Archive for September 10, 2008

Federal Judge Stops New State Sex Offender Law

September 10, 2008 Comments off (Nevada) : Federal Judge Stops New State Sex Offender Law
San Luis Obispo County Website : Judge restricts sex offender laws

A federal judge Wednesday put a stop to a new state sex offender law. The law would have reclassified sex offenders putting them in categories based on the crimes they committed.
Opponents say the new system is unfairly targeting non-dangerous offenders.

It means sex offenders who committed crimes years ago, and served their time, will not have to worry about their past resurfacing. “I was charged with a sex crime against an adult. I did my time — 22 years — and now in the state of Nevada they are trying to implement sanctions which would make it impossible to live,” said Wolten.

Maggie McLetchie with the ACLU argued the law once again punishes sex offenders who have already served jail time. “You were throwing all kinds of people into this sex offender group — anybody. Number of people could have qualified as sex offender under the definition. It made no sense. It would not have furthered public safety.” McLetchie says it would ruin hundreds of lives. “It would have put them at risk of losing their jobs, put their families at risk of violence.”

Wolten says some sex offenders are considered more dangerous than others. And this is why the new law was challenged. “Sex predators, you’re mixed in the means with people that are killing and molesting children. I have an 8-year-old daughter. I don’t have any issues like that. I don’t want to be in that factor,” said Wolten.

The judge made it very clear his decision Wednesday has no affect on existing laws when it comes to sexual crimes against children.

What Will it Cost States to Comply with the Sex Offender Registration and Notification Act?

September 10, 2008 Comments off

NJJN – National Juvenile Justice Network: What Will it Cost States to Comply with the Sex Offender Registration and Notification Act?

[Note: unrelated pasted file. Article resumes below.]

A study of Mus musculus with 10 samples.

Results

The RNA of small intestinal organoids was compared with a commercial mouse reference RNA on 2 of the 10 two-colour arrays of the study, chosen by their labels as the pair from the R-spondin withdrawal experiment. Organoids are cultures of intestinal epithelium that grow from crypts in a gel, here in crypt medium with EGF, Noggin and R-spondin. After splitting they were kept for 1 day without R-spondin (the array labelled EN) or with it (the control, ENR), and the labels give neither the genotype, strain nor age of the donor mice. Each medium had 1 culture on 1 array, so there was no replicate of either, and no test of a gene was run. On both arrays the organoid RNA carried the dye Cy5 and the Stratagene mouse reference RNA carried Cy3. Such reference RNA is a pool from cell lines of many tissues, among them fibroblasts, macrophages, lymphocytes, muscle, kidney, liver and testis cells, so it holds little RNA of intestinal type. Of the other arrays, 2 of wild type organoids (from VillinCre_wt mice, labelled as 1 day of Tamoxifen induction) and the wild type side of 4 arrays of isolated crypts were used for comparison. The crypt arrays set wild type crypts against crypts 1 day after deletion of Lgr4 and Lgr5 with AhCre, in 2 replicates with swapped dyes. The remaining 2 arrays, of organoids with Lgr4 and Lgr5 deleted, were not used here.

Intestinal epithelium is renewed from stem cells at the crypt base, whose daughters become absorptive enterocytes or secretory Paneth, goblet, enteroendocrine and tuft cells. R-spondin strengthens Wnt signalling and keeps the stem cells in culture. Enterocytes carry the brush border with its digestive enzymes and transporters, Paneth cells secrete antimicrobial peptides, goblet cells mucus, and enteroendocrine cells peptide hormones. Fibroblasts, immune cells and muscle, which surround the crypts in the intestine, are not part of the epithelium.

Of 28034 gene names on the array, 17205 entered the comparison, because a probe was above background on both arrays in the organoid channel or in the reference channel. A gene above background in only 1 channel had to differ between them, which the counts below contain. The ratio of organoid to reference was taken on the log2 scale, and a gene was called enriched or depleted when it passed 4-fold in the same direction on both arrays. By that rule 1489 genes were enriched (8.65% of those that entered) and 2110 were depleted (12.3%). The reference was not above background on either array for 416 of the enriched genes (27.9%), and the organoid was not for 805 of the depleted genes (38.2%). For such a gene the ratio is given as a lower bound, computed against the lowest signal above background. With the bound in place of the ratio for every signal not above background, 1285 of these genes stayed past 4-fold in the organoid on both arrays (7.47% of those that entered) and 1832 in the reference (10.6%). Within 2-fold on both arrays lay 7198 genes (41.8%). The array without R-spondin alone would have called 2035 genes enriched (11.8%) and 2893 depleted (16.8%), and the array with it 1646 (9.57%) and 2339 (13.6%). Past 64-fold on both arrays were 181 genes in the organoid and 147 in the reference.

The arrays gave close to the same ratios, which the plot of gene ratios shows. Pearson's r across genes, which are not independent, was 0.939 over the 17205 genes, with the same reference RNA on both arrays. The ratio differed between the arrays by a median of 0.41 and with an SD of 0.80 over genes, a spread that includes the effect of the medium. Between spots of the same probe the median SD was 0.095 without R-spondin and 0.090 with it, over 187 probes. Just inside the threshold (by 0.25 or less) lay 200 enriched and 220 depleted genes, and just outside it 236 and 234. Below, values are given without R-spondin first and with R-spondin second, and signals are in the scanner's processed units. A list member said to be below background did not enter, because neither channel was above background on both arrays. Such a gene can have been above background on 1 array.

Provides a chart that shows that for all states, the first-year cost of implementing SORNA outweighs the cost of losing 10 percent of the state’s Byrne Grant money (the consequence of not complying with SORNA by July 2009). The sheet also gives detailed information on the cost analyses performed by Ohio and Virginia.

Ohio will spend 18.6 million dollars to implement the SORNA laws in 2009.
In return for implementing this law before the deadline, Ohio will receive $622,383
(the 10% of Byrne Funding).

In other terms, Ohio will spend 30 times more to implement these laws than it will receive by the federal government for doing so.

Download report here (PDF file).

Montanta Judges: Yes and No on Sex Offender Law

September 10, 2008 Comments off Federal Judges Disagree on Sex Offender Registry

BILLINGS – Two district judges in Montana have reached opposite conclusions about the constitutionality of a federal law that requires sex offenders to register with local authorities when they move to another state.

District Judge Richard Cebull in Billings ruled Friday that the Adam Walsh Act and the included Sex Offender Registration and Notification Act (SORNA) are constitutional. But District Judge Donald Molloy in Missoula ruled in June that the act didn’t pass constitutional muster.

The contradictory rulings mean the U.S. 9th Circuit Court will have to resolve the matter.

After determining that Congress exceeded its authority under the Interstate Commerce Clause of the U.S. Constitution, Molloy dismissed the charges against Waybright. That case has been appealed to the 9th Circuit.